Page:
I miss Luxembourg. Incredibly, this year is the silver anniversary of the Grand Duchy’s last appearance at the Eurovision Song Contest. It’s twenty-five years since this tiny country with a huge Eurovision pedigree left the stage, vanished into the mist and never came back again. And in the wake of the recent sad death of France Gall (pictured above), I didn’t want to let this landmark pass uncelebrated. What’s more, I still keep my fingers crossed that Luxembourg will return one day – perhaps even ‘undercover’, pretending to be another country and then, after they’ve seized their sixth ESC victory, revealing themselves to a shocked, stunned and delighted world…
You see, Luxembourg really built up some impeccable credentials during their four decades of Eurovision involvement – and not least because the country was one of the brave band of seven pioneers that made it to Lugano in Switzerland for the first-ever ESC back in 1956. Regrettably, Luxembourg is the only one of those originals that isn’t still part of the club. Of course, following ‘relegation’ in 1993, we were sure Luxembourg would be back very, very soon. Instead they disappeared into Eurovision oblivion – like when a ‘big’ football team gets relegated at the end of a season but you’re certain they’ll soon bounce back to the top flight. But then they don’t. Yes, Luxembourg are the Nottingham Forest or Dukla Prague of the world of Eurovision.
But what an impact they made while they were in the mix! Indeed, thanks to their five wins chalked up between 1961 and 1983, Luxembourg are STILL joint third in the all-time Eurovision winners list, behind only Ireland and Sweden. Make no mistake – here was the little guy that dared to square up to the big boys in the playground. And regularly came out on top. David beats Goliath. The Greeks beat Xerxes. Rocky beats someone bigger and younger than Rocky. You know the story. It’s a great script!
Interestingly, none of those quintet of wins was secured by a Luxembourg national. As a small country, there was little alternative to spreading the net widely when scouting for Eurovision talent. Solange Berry, Lara Fabian and the legendary Plastic Bertrand from Belgium; the great Nana Mouskouri and Vicky Leandros from Greece; Spain’s Baccara (both of them) – the list goes on. And on. And on. In fact, only eight Luxembourgers ever represented Luxembourg at the Eurovision Song Contest. This may conjure up mental pictures of oil tankers flying the Liberian flag of convenience, but personally I think it showed admirable creativity and problem-solving capability. You simply can’t argue with a transferrable skill.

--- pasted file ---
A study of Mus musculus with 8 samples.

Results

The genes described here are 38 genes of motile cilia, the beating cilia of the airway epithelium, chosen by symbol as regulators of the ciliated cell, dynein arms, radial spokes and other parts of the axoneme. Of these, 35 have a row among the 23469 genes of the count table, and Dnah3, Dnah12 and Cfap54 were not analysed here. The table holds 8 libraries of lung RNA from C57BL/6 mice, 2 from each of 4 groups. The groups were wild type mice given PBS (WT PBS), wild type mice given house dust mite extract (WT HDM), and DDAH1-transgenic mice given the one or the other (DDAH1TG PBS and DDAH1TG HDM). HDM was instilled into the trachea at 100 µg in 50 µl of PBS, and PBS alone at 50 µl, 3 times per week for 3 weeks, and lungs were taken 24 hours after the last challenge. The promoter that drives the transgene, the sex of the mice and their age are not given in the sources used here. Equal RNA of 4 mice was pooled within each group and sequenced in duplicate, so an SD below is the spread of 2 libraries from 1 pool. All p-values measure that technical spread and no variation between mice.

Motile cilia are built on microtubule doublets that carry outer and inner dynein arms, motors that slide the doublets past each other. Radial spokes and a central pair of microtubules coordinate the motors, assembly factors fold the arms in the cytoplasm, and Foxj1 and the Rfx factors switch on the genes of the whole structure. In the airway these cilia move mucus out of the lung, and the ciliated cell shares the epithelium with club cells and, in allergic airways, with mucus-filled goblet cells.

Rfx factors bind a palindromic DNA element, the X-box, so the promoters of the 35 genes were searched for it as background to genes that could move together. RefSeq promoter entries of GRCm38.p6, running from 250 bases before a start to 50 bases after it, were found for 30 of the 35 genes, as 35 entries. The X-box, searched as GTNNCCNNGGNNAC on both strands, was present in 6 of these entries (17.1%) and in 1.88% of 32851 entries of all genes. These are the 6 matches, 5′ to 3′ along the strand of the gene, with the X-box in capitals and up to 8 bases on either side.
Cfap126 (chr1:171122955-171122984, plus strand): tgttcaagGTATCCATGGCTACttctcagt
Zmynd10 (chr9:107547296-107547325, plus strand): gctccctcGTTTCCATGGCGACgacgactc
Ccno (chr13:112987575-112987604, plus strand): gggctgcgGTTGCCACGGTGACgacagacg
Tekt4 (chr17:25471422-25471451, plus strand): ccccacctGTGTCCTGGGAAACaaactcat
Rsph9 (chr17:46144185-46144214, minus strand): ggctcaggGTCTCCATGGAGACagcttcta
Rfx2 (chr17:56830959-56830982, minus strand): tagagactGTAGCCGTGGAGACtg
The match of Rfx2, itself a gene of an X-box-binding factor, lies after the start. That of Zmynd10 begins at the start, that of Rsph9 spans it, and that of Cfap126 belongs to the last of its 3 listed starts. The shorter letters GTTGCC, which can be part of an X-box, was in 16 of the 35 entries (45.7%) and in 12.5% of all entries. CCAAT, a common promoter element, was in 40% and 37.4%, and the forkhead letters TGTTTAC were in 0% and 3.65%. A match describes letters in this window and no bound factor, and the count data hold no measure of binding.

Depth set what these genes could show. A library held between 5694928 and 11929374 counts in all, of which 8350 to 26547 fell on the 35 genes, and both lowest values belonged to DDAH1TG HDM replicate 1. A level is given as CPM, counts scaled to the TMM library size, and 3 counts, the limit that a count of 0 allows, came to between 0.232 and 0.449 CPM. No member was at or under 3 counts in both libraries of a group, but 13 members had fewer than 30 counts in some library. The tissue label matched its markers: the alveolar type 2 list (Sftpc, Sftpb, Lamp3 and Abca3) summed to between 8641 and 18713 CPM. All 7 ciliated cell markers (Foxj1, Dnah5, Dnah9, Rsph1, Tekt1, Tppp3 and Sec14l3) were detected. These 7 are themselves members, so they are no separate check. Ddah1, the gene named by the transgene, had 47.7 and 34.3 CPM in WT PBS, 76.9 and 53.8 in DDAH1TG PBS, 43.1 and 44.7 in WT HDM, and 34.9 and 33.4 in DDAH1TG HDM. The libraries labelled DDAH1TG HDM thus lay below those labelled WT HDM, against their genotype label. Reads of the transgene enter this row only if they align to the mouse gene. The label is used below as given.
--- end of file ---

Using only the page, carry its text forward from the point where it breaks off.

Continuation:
And what a legacy of Eurovision memories Luxembourg left us with! Highlights obviously include the back-to-back victories in 1972 and 1973 by Vicky Leandros and Anne-Marie David. Plus, naturally, the magnificent win achieved in 1965 by the late, great France Gall. (I’ll be returning to her remarkable success with ‘Poupée de Cire, Poupée de Son’ in a future article.) But there are also many less obvious and slightly curious hotspots to acknowledge, such as 1985’s free-of-charge trilingual language lesson ‘Children, Kinder, Enfants’. Nor should we forget the somewhat oddly named 1974 entry ‘Bye Bye I Love You’; talk about mixed messages.
But as I rummaged through the archives, I decided to share with you the following three examples of Luxembourg’s unique contribution to – and indelible mark on – the Eurovision Song Contest. The first needs no introduction. So I’ll introduce it anyway. Anne-Marie David’s ‘Tu Te Reconnaitras’ is, for me, one of the absolute pinnacles of Eurovision’s pre-ABBA era – a fantastic song that proved too good for, among others, the UK’s Cliff Richard whose bandy-legged bop propelled ‘Power to All Our Friends’ (with its curious rallying cry of ‘power to the bees!’) to third place in one of four ESCs actually held in Luxembourg:
For our second clip – well, how can I leave this one out? I was CERTAIN this was going to win back in 1980! Scientists have actually proved that this is one of the ten catchiest songs of all time. (Not really – apparently they had their hands full trying to capture cosmic neutrinos.) So how it ended up coming ninth (out of nineteen) defies explanation. Maybe the guy in the penguin outfit should take some of the blame? I’d like to think he got over this disappointing result by making himself available for children’s parties:
But let’s sign off this article by (appropriately) looking at how Luxembourg signed off from their Eurovision journey – although none of us knew it at the time. (And we live in hope.) Here’s their valedictory 1993 entry ‘Donne-moi une Chance’ by Modern Times, notable for delivering (i) a textbook example of a beautifully executed yet fundamentally unnecessary ‘singer’s walk-on’ right at the start of the song, and (ii) plenty in the way of big hair.
Small country, big hair, huge legacy – that, for me, is Luxembourg’s Eurovision story in a nutshell.
Thanks for reading! It’s been emotional.